IVF Success May Be Dependent on Genetic Factors

Dr. Randy Morris

IVF Success May Be Dependent on Genetic Factors

Dr. Randy Morris

An infertility doctor from Ireland presented research at the 25th annual conference of the European Society of Human Reproduction and Embryology in July 2009 that appears to show that IVF success may partly depend on genetic factors.

IVF is a treatment that more couples are trying due to the overall high success rate compared to other treatments. IVF involves stimulating a woman's ovaries with fertility medications so that multiple eggs mature. The eggs are then extracted from the ovaries and put together with sperm. Those eggs which fertilize are grown in the laboratory for several days. A few embryos are then selected and placed into the woman's uterus. In the uterus, the embryos must continue to grow and develop and eventually implant into the uterine lining for a pregnancy to be established.

IVF success and IVF failure

There are many factors which determine the success of an IVF cycle. Female age is one of the most important factors. Older women have a lower chance for pregnancy with all treatments including IVF. The impact of age is due to the aging of the eggs. Older eggs develop chromosome and other abnormalities which reduce the chance for the embryos to develop normally and implant into the uterus. Obese women have lower IVF success rates although the reasons are less clear.

However, even when young thin women have apparently nice looking embryos transferred into the uterus, some will fail to become pregnant. Part of this failure is almost certainly due to abnormalities in the embryos that were undetected with current techniques. A large number of research around the world is being conducted to find additional ways to assess embryos. There are several promising methods but none has emerged as yet.

The uterine lining

Some studies have looked at the cells which make up the uterine lining. Proteins on the surface of the uterine lining cells have been identified and some of these seem to be necessary for normal implantation. These surface proteins on the cells of the uterine lining are produced by genes inside the uterine cells.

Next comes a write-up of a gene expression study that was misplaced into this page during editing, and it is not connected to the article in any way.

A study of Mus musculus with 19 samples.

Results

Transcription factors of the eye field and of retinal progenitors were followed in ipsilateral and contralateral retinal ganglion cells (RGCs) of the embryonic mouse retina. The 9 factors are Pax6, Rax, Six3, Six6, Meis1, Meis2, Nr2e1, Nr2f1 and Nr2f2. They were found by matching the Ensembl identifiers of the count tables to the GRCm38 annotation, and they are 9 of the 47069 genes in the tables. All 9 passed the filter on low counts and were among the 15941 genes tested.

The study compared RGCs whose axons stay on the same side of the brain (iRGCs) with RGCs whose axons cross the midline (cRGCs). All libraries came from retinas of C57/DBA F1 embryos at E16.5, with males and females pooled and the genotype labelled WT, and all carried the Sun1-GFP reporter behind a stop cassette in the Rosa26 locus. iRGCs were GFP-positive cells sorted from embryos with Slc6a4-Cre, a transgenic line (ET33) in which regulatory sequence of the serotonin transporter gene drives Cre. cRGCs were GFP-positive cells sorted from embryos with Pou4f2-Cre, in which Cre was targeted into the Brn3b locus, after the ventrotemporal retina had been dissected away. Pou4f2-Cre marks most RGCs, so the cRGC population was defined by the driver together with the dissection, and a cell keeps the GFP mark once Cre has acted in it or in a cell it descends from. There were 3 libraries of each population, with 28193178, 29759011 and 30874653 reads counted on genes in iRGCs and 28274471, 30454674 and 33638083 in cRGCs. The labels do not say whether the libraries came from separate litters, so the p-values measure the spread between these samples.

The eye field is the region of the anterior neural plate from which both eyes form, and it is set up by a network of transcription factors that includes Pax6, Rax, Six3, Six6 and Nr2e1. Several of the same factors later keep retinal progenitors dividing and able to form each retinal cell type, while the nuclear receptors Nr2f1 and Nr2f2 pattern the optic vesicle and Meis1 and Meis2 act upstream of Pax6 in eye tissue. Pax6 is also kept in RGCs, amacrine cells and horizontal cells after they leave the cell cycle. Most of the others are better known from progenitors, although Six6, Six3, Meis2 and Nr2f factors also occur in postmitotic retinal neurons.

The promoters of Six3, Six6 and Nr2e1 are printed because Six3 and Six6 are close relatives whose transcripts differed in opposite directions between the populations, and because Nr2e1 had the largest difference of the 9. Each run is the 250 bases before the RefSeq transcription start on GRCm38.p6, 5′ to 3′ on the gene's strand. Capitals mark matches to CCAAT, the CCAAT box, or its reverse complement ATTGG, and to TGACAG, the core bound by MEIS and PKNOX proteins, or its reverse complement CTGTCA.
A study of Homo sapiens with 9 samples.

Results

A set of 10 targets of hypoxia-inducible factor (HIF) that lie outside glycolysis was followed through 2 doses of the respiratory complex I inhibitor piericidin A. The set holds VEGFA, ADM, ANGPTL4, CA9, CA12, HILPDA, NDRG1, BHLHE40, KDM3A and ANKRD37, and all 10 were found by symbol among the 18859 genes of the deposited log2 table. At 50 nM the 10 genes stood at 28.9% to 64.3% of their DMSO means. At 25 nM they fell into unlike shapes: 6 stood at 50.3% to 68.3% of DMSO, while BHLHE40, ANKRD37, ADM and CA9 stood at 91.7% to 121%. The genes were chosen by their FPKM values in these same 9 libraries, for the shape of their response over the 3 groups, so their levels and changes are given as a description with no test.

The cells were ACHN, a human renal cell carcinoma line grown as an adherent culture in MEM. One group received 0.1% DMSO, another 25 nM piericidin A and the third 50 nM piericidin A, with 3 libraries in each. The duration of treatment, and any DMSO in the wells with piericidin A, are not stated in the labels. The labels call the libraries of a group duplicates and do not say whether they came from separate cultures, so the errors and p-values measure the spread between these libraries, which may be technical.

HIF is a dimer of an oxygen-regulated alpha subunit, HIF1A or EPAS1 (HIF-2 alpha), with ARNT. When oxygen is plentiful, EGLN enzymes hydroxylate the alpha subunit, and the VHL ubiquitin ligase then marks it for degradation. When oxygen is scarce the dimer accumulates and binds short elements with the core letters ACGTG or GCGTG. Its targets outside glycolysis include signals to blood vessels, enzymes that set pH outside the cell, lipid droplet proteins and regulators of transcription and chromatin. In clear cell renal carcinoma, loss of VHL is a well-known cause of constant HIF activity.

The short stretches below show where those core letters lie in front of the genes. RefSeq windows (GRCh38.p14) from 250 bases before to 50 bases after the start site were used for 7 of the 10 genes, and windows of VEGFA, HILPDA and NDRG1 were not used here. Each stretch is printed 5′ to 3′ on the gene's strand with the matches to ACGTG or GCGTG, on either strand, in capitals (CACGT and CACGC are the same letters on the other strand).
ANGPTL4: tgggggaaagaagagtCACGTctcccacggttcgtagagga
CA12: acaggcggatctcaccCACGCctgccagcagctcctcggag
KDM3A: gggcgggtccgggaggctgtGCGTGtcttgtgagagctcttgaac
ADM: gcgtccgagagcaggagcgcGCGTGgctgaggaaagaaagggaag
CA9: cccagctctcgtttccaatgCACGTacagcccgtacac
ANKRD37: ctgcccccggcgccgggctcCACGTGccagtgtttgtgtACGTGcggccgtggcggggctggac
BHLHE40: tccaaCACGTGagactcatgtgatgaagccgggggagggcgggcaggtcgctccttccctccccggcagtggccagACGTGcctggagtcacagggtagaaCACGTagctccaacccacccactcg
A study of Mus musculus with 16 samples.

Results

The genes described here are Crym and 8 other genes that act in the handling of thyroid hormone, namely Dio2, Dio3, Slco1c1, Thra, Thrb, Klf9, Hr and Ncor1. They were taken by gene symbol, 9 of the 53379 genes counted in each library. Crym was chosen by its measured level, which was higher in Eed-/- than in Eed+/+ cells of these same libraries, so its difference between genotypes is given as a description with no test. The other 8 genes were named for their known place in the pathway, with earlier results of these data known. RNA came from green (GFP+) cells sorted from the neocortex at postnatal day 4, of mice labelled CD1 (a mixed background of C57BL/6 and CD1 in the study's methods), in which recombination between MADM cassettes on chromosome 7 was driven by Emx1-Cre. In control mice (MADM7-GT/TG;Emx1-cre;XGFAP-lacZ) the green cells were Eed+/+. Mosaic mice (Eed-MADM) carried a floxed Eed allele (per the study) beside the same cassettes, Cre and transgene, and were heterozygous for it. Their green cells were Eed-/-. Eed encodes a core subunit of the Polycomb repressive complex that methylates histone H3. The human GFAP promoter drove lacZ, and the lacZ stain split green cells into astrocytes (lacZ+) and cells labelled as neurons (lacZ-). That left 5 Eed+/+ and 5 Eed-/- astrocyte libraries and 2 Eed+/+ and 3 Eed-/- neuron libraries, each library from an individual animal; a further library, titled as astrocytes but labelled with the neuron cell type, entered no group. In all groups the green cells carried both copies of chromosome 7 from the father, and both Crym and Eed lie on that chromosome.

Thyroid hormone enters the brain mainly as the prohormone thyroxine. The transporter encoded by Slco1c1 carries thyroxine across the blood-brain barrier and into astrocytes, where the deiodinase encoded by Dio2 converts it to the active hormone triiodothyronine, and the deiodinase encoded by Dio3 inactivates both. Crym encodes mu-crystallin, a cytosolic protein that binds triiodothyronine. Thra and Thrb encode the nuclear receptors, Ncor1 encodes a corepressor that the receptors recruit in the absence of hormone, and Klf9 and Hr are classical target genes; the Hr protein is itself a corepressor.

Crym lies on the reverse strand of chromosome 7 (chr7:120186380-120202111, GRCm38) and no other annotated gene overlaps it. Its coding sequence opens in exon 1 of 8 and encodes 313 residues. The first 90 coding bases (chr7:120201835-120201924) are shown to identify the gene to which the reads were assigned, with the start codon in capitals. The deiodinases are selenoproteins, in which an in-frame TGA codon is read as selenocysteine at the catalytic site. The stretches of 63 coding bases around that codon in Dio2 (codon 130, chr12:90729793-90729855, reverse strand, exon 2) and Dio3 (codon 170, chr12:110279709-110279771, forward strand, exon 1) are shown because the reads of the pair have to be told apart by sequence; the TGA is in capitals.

Chromosomes, genes, DNA and RNA

Like all cells in the body, the cells of the uterine lining are very complex and active. Each cell contains the same chromosomes. Those chromosomes contain genes which are the "blueprints" for producing proteins in the cell.

Genes are composed of DNA. In order to make proteins, the cell "reads" the DNA and produces RNA. The RNA is then used as the template to make proteins. A very important point to understand is that cells in different locations will have different groups of genes that are active. Scientists can tell which genes are active by looking at which types of RNA are present in the cell. Some RNA will "leak" out of cells into the circulation and can be identified and even measured in blood.

Scientists have also attempted to make predictions by comparing the patterns of active genes between individuals.

Recent IVF study

In trying to understand why some IVF cycles work and others don't, the team from Ireland examined active genes by measuring RNA in the blood, an easily accessible biological sample.

Blood samples from women were taken at eight different stages during the period around conception and the early stages of the IVF cycle. Five of these samples came from women who achieved clinical pregnancies, three from those who had embryos transferred but failed to have any of them implant, and three from women with a history of infertility who managed to conceive on their own without treatment.

Analysis showed that 128 genes were more than twice as active in women with an early pregnancy compared with a non-pregnant state.

The genes were identified as belonging to several different groups. The included genes involved with:

  • The growth of new blood vessels
  • Blood vessel constriction
  • Inflammation
  • Repair of damage to cell structures
  • The supply of energy to cells

By looking at the patterns before these women started fertility medication, they found that over 200 genes were active in women who went on to achieve an IVF pregnancy compared with those who did not.

These findings hold out the promise that doctors using these techniques may someday be able to predict women who may not be able to achieve pregnancy using IVF. With a little luck, it may be even be possible to find treatments that could convert a woman with an unfavorable pattern into a favorable one. Of course, these possibilities are a long, long way off.